Continuing the discussion on squillo takes us to points 6 and 7 on my list.
Morbidezza: a feeling of suppleness in the throat, elasticity rather than rigidity. If we are not supple, even in the larynx, the edges of the cords will not be able to harness the breath and produce squillo. The sound may be vibrant, but will have a stiff quality.
Cry Phonation: using the edges of the cords. You have to know how to sing with thin cords while resisting significant breath pressure without losing the flow of abundantly rich harmonics.
Morbidezza is the bread and butter of Italian vocal technique for the tenor, and also a very elusive achievement. Often tenors confuse relaxation of the throat with complete passivity. This is definitely not the case. Listen to what I am about to say: It is because of what you do that your larynx becomes passive in singing. Getting out of your own way is an active process.
Having said that, it is often the case that students do too many wrong things, and so they need to stop doing in order to get out of their own way in singing. In any case, my point was that complete relaxation of the throat is not the path to success for the tenor, or for any voice in my opinion.
When we make the necessary muscular adjustments at any given pitch, register, vowel, etc., to trigger flow phonation, the larynx can become passive. The idea of morbidezza is about learning how to make all the needed adjustments flexibly, with softness in the tissues of the throat. As you discover a more perfect technique you will find that significant changes occur with the most subtle of adjustments. Some of these adjustments are so incredibly subtle that they could almost go completely unnoticed. Often the tenor doesn’t perceive the change in the sound consequent to these subtle changes unless pointed out by a careful teacher. The intention of morbidezza is about slowing the thoughts and striving for incredibly elastic movements of the vocal tract. You have to slow down the process in your head, and when you execute, though you may proceed at typical speed, you have to act as though you were physically moving slowly. This is hard to explain and just has to be tried and experienced.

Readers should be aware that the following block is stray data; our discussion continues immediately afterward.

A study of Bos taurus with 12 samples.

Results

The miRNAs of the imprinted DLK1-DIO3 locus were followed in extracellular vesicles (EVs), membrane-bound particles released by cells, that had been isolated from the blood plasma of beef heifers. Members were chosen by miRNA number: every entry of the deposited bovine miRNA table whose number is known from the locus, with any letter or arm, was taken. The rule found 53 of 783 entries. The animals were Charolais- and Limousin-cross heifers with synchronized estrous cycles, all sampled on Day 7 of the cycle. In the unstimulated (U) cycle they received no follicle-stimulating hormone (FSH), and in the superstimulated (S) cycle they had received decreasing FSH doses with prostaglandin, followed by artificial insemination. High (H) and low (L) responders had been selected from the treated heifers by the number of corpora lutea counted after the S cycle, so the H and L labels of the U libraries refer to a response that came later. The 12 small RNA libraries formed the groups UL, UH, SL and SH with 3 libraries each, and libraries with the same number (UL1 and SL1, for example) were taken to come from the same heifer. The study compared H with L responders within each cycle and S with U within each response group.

The voice is a resonant body at any given time. The sound exists as a vibrating entity all around us and in us. As this entity evolves from note to note, it morphs into a different being, characterized by different harmonics and characteristics. That change has to occur first in your mind. You have to know your voice so well that you know exactly what kind of harmonic entity is about to evolve and what keys open the door to its emergence.
Many tenors have focused greatly on morbidezza. Corelli, for example, scoops so that he can slowly morph from a middle note to a high note vibrant voice. He makes the throat elastic in the moment of the scoop and through the scoop.
When you sing with squillo rather than just a general resonance, things get a bit more complicated. The voice must narrow, and this means learning how to be morbido, or supple, while being narrow in the larynx. How can the larynx be muscularly involved (narrowing the opening of the larynx) and simultaneously achieve this suppleness? Let me give you an image: think of holding the tender hand of a toddler. You are not going to let go when you cross the street, but you are not going to crush his or her hand either. Most tenors grab as though they were saving someone plummeting from a cliff. That is totally unnecessary. Developing squillo requires gentleness.
I always invite my students to maintain the baseline of the 1st layer of their voice – the supple first layer. It is a type of phonation that must be morbido, or it won’t phonate successfully. It will take on all kinds of higher harmonics. To be true fundamental, you have to become extra soft in the larynx and in the cords. While this cannot be the case when singing full voice – yet the mental intention of that kind of suppleness, along with the mental intention of never driving the voice beyond the flow of that first layer (even though the pressure is greater and so is the exertion when in full voice) helps maintain this suppleness.
These conditions aid us in achieving the cry phonation. It is easy to compress the voice in the cry. I have already written about this. Morbidezza helps achieve the cry because it helps us maintain our head tone embedded in the sound, which acts like a sort of cushion against excessive squeezing. I like to think of support as supporting the head tone rather than the full voice. If you think of your full voice in the top, don’t think of supporting all that sound, instead think of a little fog horn, almost straight tone, right in the middle of the tone – a dark core embedded smack center in your sound. You support that tone instead of supporting the rest. The rest of the voice just comes out easily. If you support the overtones you will tend to over-compress and crush the 1st layer. Instead support the head tone, and let the higher harmonics flow out on their own.
If you listen carefully, you will hear Caruso, Gigli, Lauri Volpi and many others do this very thing. They often will start the high note close to a head tone for a split second, and then the voice engages powerfully in the maxillary and frontal sinuses. The feeling is almost as though for that split second of piano singing the breath flew forward into those sinuses on a sort of sigh, but there was absolutely no breath movement into the nasal area. It just feels that way because the morbidezza of a well supported 1st layer in your full voice is now controlling any excessive compression.